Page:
Ouattara Watts is a beloved legend in the New York art world, close friend of Jean-Michel Basquiat and a painting rival of Julian Schnabel, who once had important solo shows at Baghoomian and Gagosian galleries. Seldom in the competitive world of Neo-Expressionist painting has one artist been so universally adored, as the presence of Glenn O’Brien, Francesco Clemente, Victor Matthews and so many others at a swinging party in Watts’ honor proved last week.

Yet there has always been a sense that true greatness as a painter, not just as a person, lay just beyond Watts’ grasp. Part of this is due to the residual racism in the "liberal" art world that any black artist faces. But there was also a sense that Ouattara was bedeviled by his competition from establishing a distinct style. Wait no more! At the age of 50, this jovial, passionate, introspective native of the Cote d’Ivoire has finally produced a body of masterpieces, currently on view at the Mike Weiss Gallery, vindicating the ancient paradigm that art-making is a struggle whose excellence lies in maturity.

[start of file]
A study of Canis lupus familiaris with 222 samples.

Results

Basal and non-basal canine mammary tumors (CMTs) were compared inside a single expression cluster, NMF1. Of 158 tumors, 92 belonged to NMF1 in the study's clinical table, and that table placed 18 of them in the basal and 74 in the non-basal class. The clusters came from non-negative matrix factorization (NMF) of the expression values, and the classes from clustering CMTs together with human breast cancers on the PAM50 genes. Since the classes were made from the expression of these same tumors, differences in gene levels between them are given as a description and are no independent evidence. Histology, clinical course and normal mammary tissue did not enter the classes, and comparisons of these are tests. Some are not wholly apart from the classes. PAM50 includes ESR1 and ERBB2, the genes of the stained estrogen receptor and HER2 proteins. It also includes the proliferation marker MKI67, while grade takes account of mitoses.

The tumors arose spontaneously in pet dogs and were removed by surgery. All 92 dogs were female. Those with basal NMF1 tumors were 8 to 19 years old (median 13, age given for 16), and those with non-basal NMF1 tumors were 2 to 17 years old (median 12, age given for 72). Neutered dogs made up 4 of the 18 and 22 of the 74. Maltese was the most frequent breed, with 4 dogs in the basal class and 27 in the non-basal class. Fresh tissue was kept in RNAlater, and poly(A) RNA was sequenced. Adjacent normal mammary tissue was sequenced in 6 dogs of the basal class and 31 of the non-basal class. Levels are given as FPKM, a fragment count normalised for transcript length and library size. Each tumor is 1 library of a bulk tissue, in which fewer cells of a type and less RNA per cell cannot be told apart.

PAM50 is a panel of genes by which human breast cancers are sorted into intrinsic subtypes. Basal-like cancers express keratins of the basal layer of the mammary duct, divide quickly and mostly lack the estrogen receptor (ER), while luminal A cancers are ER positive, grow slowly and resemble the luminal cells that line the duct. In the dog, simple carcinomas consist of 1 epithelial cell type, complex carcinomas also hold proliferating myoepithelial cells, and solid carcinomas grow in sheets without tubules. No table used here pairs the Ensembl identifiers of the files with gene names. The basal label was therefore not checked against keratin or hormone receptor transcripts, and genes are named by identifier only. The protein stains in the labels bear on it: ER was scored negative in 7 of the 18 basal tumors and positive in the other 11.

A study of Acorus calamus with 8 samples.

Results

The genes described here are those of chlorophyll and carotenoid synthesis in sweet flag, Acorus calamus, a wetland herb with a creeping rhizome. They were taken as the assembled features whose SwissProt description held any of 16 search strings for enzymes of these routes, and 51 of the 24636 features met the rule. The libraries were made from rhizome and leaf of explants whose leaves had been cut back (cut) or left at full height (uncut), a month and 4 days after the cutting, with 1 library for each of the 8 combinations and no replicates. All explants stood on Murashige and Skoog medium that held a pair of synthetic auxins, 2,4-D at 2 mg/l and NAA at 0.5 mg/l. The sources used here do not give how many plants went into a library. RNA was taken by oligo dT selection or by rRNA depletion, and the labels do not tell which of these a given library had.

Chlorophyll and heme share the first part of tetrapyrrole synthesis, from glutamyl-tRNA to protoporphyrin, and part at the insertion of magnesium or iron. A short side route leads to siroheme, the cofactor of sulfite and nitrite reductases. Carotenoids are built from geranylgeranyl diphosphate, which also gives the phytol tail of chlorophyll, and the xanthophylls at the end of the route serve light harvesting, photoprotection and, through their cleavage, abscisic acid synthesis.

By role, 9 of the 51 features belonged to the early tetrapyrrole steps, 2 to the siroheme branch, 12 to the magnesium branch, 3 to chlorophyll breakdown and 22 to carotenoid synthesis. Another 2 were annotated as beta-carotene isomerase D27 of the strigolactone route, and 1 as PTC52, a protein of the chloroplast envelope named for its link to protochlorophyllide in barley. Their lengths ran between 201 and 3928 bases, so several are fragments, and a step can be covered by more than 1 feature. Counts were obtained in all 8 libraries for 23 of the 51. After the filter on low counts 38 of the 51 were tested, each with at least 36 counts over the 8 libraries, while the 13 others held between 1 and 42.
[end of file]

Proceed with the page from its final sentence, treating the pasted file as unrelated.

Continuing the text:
The restrained and sober elements of Watts signage remain: lyrical lines of numbers symbolizing the passage of slaves, references to the best jazz and French symbolism, biomorphic shapes expelled from the belly of their creator, rich ovals of deep color. All of these elements are expertly integrated into a painting like So What, with its haunting depiction of Ouattara’s grandfather, a shaman, plus a faceless bust from de Chirico and a large brown armature with white eyes.

The winged blue sphinx in Les Fleurs du Mal II floats downward between colorful balloonish plumes. Schnabel and Donald Baechler, Watts’ rivals, are seldom as purely lyrical as this. For Ouattara, in his personality and his painting, uses play to deflect the tragedy of memory. The possibility of transcendence is always in play for him, so to speak.

Sun Ra, a tribute to the astral orchestra master, seamlessly employs strips of red and black in the manner of Adolph Gottlieb. Dream Support is a brown nimbus of brain fever, just one more satisfaction in a show that never ceases to satisfy. Those who wander the fourth and fifth floors of the Museum of Modern Art might ask themselves how many black artists are exhibited there. (I am guessing just Jacob Lawrence and Romare Bearden). One or two of  Watts’ new paintings belong there NOW! Mike Weiss, get to work!

Outtara Watts, "For Lily," Nov. 15, 2007-Jan. 5, 2008, at Mike Weiss Gallery, 520 West 24th Street, New York, N.Y. 10011.

CHARLIE FINCH is co-author of Most Art Sucks: Five Years of Coagula (Smart Art Press).